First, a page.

Corporate boards, whether in the for-profit or nonprofit sector, are accountable to the communities for which and in which they operate. Boards serve numerous functions, including setting the overall mission of the organization; hiring, compensating and evaluating the performance of CEOs; ensuring adequate financial resources and oversight; recruiting new board members to replace retiring board members; and providing wise counsel on legal, ethical and social responsibilities.
For-profit corporate boards represent the interests of the owners of the corporation. This means shareholders. In the nonprofit world, however, who “owns” the organization? It is not the CEO (although sometimes CEOs act as if they are the owners), nor is it the board.
In the case of Jewish nonprofits, I suggest that, from an ethical perspective, the best answer to the question of who owns the organization is the Jewish community, as a whole, or at least that portion of the community that the organization aspires to serve.
Read the Forward’s special op-ed section on How to Handle Our 1%, including Leonard Saxe on Creating a Tax for Jewish Education, David A. Teutsch on Training More Leaders, and Shifra Bronznick on Hiring and Paying Fairly.
If this insight is correct, several important implications follow. A board should reflect the diversity of the community that it represents. Board members should include men and women, business leaders, accomplished professionals, educators, clergy, representatives of labor, along with philanthropists. Further, it is the board itself, and not the CEO or professional staff, that is ultimately responsible for selecting new board members. Allowing the CEO and his or her staff to select new board members is like letting the home baseball team select its own umpires.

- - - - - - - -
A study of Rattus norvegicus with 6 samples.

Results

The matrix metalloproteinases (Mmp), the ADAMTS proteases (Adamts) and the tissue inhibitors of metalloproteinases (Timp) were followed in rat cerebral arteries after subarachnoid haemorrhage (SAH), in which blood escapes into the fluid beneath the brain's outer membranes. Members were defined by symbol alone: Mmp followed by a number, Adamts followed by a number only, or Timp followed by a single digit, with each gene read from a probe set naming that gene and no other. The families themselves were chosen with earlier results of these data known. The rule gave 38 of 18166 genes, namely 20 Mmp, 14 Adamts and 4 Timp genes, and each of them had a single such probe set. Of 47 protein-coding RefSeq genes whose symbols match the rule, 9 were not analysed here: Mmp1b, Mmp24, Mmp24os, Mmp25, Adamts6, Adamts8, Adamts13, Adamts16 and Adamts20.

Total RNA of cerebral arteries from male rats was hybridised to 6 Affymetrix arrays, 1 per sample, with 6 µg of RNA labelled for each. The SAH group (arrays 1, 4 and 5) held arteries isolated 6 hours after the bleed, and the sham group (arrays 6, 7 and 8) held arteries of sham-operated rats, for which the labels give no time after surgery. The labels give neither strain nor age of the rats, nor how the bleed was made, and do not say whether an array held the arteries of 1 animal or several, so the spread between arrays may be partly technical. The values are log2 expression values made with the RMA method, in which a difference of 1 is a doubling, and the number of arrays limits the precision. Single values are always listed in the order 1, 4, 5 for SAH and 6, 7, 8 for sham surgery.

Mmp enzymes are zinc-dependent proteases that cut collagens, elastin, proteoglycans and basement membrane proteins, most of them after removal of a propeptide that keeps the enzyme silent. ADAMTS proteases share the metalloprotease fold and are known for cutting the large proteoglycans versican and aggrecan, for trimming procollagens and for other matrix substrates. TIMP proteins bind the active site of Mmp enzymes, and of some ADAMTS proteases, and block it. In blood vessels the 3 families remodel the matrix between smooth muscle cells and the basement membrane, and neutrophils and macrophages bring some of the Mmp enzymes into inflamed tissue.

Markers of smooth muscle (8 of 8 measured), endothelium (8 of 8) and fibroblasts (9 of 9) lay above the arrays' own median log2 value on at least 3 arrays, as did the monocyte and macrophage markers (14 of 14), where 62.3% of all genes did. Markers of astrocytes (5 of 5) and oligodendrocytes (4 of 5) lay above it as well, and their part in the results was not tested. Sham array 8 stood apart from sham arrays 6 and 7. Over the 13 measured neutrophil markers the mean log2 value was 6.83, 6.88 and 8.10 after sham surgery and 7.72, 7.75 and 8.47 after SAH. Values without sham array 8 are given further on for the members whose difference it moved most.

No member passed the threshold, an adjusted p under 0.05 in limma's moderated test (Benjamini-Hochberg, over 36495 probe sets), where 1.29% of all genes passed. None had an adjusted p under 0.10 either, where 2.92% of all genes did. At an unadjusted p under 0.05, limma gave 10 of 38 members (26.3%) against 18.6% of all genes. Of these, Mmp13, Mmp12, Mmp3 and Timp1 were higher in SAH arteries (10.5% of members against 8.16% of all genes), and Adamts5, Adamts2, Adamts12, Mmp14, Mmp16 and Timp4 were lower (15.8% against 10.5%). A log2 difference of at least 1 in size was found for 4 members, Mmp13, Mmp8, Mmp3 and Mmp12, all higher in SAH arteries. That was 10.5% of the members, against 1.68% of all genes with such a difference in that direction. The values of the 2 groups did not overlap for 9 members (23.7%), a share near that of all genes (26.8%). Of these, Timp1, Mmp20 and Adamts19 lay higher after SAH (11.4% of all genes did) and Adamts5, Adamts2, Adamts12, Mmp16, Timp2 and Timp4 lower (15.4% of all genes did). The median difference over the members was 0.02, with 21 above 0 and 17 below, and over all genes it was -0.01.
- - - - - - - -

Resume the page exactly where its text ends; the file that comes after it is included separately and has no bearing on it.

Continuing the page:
Board members should be selected not only based on their ability to provide financial support to the organization but also on their ability to articulate and demonstrate the highest and best values of the Jewish community.
Nonprofit boards have a responsibility to publicly report sufficient information so that the community can evaluate their finances and other measures of performance. The disclosure of this data should be part of an ongoing dialogue between the organization and the broader Jewish community. Nothing short of the legitimacy of the organization is at stake here.
Jewish boards are like the mashgiach at a wedding, who ensures that the food is kosher. The mashgiach does not cook the food but is there to make sure that the caterer is following the traditional rules of kashrut. Jewish boards should be not so much running Jewish organizations as overseeing them.
We often make the mistake of thinking that Jewish ethics can be found only in books and codes. This is wrong. Jewish ethics, if they are to be found anywhere, are to be found in our daily activities. Most profoundly, Jewish values are those values-in-use that drive the behavior of our most important Jewish institutions — schools, philanthropic organizations, nursing homes, synagogues, universities, family service providers and newspapers.
At their best, Jewish boards represent the Jewish community as a whole. They are not the guardians of Jewish values, but they are the most watched contemporary practitioners of Jewish ethics.
To fulfill their responsibilities to the Jewish community, Jewish boards must speak the modern language of efficiency. There is nothing sacred in wasting resources. More important, though, Jewish boards must carve out a space where ethical dialogues can flourish and make a real impact on organizational behavior.
Moses Pava is the Alvin Einbender Professor of Business Ethics at the Syms School of Business, Yeshiva University. His most recent book is Jewish Ethics in a Post-Madoff World (Palgrave Macmillan, 2011).